By Peter Amine
Chairman, Nigerian Labour Congress (NLC), Plateau chapter, Eugene Manji, says the organised labour and the State Government have yet to agree on the new minimum wage and the consequential adjustments for state workers.
Manji made the disclosure in an interview with News Agency of Nigeria (NAN) on Monday in Jos.
He told NAN that the State Joint Negotiating Council (JNC), the Nigeria Labour Congress (NLC) and the Trade Union Congress (TUC) had met on Jan. 10 on the issue.
“We held an NLC SEC meeting on Jan. 10 and we were briefed on the level of negotiations for consequential adjustments by the JNC.
“We were told that series of meetings were held between JNC and government but there is no resolution yet.
“The State Government has declined to adopt the consequential adjustment template of the Federal Government.
“They made some offers on what they intended to pay workers but it is a far cry from what the workers are demanding,” he said.
The chairman said that of the categories created for the consequential adjustments, what government was offering for each category was unacceptable and was,therefore, rejected.
He stated that the JNC had already conceded two per cent for each category.
“For example, for salary Grade Level 7, Federal Government paid 23.3 per cent, Labour in Plateau says pay us 22.7 per cent but government is offering only 11 per cent.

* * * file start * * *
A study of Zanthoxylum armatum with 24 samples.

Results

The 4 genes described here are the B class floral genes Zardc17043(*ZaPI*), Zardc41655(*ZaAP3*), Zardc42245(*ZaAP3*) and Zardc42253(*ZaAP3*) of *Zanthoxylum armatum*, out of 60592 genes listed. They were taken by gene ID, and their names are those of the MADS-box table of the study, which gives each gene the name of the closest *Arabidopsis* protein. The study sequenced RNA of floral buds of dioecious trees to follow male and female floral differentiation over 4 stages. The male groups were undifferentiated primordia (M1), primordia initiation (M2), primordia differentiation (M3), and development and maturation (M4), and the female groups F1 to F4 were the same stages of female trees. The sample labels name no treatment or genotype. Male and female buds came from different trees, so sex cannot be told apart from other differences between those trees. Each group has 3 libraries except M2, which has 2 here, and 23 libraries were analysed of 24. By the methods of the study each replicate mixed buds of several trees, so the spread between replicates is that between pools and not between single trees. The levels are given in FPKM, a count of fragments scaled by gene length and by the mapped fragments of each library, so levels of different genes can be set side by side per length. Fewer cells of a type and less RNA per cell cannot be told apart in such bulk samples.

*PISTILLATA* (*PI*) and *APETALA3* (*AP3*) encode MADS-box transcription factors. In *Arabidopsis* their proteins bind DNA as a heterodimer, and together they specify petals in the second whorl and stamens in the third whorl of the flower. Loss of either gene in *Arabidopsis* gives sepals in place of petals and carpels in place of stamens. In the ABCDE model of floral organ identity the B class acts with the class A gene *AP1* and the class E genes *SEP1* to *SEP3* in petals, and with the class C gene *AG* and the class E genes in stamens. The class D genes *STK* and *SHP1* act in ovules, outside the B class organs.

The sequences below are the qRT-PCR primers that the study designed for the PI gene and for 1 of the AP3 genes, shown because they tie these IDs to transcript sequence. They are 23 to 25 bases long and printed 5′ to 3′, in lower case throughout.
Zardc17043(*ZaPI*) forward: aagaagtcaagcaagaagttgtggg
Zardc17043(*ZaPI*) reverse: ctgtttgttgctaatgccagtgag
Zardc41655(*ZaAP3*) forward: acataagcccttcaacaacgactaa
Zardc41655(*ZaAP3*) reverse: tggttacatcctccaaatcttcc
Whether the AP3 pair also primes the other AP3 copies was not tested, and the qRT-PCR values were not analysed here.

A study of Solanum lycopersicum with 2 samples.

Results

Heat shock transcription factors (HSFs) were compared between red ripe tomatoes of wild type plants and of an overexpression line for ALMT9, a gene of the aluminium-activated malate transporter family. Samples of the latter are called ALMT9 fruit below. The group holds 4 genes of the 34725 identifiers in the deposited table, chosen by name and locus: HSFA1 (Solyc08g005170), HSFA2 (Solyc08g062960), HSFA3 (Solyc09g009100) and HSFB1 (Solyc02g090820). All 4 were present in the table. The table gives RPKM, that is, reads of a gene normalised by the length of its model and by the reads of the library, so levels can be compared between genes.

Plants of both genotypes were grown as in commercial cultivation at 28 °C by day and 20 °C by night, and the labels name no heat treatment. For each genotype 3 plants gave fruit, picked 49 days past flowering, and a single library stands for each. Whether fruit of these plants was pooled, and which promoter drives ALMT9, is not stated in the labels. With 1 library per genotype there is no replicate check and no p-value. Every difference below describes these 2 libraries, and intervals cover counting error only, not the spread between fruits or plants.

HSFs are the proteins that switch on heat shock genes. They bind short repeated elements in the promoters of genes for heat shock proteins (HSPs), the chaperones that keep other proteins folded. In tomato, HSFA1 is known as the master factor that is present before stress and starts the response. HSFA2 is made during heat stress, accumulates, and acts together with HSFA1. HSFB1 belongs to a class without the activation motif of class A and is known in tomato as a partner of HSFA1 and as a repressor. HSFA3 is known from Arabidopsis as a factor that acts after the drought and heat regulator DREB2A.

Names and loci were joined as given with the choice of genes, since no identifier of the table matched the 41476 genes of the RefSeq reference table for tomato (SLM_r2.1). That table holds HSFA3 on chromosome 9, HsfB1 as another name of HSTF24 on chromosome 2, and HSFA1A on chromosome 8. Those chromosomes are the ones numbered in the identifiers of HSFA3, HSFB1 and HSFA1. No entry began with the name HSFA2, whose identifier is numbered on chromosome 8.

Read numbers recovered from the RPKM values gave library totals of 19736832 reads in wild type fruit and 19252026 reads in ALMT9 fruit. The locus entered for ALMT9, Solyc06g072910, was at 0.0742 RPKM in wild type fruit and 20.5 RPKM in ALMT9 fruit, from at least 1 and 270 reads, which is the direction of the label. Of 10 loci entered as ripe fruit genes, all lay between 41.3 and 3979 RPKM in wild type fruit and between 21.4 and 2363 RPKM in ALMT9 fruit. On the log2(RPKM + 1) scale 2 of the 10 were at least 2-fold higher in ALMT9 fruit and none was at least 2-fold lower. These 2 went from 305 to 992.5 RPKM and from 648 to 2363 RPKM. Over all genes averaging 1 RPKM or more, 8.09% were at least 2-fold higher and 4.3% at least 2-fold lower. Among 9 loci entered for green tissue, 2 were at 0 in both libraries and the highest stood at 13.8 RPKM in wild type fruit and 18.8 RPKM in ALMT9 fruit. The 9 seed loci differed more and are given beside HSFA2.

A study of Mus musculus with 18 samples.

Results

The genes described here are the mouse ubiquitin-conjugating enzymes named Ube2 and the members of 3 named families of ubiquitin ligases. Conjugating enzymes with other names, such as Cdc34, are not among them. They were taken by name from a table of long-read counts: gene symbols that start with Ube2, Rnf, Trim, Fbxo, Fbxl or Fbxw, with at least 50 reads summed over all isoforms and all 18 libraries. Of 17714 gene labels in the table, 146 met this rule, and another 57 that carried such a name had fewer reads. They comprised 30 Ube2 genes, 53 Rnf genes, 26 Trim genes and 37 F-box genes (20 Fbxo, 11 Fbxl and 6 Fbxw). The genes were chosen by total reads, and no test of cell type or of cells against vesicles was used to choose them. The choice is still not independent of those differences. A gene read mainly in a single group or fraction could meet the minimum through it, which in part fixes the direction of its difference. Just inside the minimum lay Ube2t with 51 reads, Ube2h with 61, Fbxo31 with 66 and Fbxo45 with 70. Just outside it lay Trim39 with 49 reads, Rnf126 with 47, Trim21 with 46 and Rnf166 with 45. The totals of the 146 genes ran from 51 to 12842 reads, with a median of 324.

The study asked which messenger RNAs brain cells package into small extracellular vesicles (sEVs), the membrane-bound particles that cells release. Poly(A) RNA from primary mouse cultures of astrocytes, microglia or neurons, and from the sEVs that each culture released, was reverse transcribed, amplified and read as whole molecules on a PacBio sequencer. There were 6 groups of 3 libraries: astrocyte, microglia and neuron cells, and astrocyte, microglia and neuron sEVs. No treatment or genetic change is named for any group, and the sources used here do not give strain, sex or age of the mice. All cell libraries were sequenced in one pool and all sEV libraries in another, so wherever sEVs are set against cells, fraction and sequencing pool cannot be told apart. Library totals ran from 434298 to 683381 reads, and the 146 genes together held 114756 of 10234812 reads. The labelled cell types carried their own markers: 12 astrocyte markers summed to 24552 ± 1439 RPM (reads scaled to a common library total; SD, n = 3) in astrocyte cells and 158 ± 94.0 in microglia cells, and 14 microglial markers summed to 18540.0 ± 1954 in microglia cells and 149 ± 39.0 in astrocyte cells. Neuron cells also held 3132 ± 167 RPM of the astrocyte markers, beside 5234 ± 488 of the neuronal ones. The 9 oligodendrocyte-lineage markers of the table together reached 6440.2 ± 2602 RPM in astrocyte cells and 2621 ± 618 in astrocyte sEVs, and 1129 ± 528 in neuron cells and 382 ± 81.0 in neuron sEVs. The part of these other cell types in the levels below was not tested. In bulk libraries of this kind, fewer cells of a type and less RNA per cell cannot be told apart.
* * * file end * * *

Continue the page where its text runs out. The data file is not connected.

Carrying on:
“Grade Levels 8-14, Federal Government is paying 16 per cent, labour says pay us 15.7 per cent but Plateau government is offering seven per cent.
“For Grade Levels 15-16, Federal Government paid 10.5 per cent, labour is willing to accept 10.3 for Plateau workers but government side is offering only five per cent,”he said.
According to him, the financial implication of what labour is demanding for workers will only amount to N317 million per month for the state government workforce comprising 15, 054 workers, but that the state government is only offering just N201 million.
“At the SEC meeting, affiliate unions have been asked to brief their members of the level of negotiations.
“When we get the feedback from our affiliates, we will then summon a meeting with the state government to convey our position.
“The feedback will determine our next line of action whether or not to embark on an industrial action,” he said.